It was an omen: on the week following Earth Day 2013, a building housing multiple clothing manufacturing companies collapsed, killing over 1000, just months after over 100 died in a clothing manufacturing fire, making clothes for The Gap, Tommy Hilfiger, Wal-Mart, and more, causing the fashion world to own up to the work conditions they support – temporarily. There was social media uproar. There were promises of change. Then when the consumers en masse were placated and started talking about other news, it all went back to normal. Only a year later, Forbes reported that other than a few initial donations, little was ever done or changed.
It’s now 2017, 5 years after the initial fire, but 10+ years after phrases like “eco-fatigue” and “greenwashing” have already become part of the daily vernacular. Even though the “do good” advertising campaign is to Generation Z what the “sexy” advertising campaign was to the Baby Boomers, and every company from American Express to Zara’s parent company, Indetex, has a page on their sites to make sure consumers can find the good they do in the world, are consumers really listening anymore? Should we expect more than a single, lone, organic dress and a few baby items listed on Zara? Consumers still respond to the seasonal sales of fast fashion, and the marketing of always being in style.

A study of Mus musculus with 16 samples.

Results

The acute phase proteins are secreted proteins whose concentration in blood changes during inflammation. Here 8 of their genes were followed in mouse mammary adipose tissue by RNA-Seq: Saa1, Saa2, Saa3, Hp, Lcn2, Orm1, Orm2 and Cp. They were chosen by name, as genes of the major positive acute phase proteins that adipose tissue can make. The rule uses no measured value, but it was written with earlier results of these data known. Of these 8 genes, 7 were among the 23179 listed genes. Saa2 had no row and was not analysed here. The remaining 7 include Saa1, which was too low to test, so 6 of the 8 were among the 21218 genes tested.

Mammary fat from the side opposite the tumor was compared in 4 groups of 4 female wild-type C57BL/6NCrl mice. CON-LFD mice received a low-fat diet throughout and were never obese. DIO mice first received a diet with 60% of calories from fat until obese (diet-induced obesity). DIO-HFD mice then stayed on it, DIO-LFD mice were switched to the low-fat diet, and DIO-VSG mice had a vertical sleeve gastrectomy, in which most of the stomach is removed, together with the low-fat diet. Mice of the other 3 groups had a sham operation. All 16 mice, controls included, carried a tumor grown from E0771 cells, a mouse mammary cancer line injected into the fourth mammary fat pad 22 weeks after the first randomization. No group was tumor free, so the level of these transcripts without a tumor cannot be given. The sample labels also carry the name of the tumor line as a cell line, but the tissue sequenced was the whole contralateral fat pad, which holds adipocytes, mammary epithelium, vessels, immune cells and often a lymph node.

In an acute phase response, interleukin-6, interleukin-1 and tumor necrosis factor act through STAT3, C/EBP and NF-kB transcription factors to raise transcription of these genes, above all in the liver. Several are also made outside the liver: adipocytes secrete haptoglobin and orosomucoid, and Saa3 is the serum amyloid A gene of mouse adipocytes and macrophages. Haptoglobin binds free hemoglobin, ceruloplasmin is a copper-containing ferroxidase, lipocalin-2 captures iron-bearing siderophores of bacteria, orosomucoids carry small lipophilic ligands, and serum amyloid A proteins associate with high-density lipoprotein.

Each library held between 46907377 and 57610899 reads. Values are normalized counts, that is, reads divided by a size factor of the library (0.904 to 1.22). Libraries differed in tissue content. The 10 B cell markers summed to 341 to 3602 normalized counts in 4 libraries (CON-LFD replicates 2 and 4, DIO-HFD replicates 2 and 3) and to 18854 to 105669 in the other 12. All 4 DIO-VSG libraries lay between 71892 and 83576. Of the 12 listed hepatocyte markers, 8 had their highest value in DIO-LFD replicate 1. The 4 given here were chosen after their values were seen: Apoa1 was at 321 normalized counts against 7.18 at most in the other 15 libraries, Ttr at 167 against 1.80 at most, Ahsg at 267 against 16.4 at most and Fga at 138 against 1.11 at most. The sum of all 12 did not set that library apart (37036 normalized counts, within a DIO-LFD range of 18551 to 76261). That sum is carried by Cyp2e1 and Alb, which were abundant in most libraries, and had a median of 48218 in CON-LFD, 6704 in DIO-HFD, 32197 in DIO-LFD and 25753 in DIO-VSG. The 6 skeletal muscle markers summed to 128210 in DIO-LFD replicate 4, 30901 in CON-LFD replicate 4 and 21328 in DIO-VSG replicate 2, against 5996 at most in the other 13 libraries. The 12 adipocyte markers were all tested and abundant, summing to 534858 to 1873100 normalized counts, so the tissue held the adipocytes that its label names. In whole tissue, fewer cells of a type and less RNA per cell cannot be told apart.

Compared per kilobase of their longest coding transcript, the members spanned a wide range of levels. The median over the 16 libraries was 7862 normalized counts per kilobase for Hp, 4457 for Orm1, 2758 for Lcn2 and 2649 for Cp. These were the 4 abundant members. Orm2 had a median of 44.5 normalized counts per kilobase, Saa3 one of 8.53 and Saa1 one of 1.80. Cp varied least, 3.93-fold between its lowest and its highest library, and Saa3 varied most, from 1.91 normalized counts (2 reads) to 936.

Fashion Revolution is trying to get consumers to listen. Every year on the anniversary of the Bangladesh collapse, Fashion Revolution pushes for fashion industry transparency. They’re wanting people to ask, Who Made My Clothes? The hashtag #whomademyclothes has over 100k posts on Instagram. The campaign successfully puts real humans back in the “do good.”
It’s hard to know the real impact of those numbers. If we compare to Patagonia, a truly trailblazing company on the ecofriendly and transparency front, Patagonia’s #wornwear campaign, the Patagonia @wornwear Instagram account has 70k+ followers, fewer than 8k posts in the Instagram #wornwear hashtag, but the mobile repair campaign repairs over 30,000 garments a year since the initiative’s creation in 2013.
Is it going to work this time? Are consumers going to start demanding ecologically friendly clothing, repairing what they have, and seeking out slow fashion? Teen Vogue, the new darling of hard-hitting journalism, has an article on the real cost of a cheap Zara skirt, but it’s buried in their articles of cheap Zara finds. Is eco-friendly and do-good just a click-bait trend for a generation, or will it have real marketing staying power? H&M, Zara, Sears, and many fast fashion retailers are often in the financial news posting earnings losses, while having a transparent, do good campaign has saved Patagonia.
Maybe it’s time advertisers and CMOs sat up, shook off their fatigue, and took another look at going good.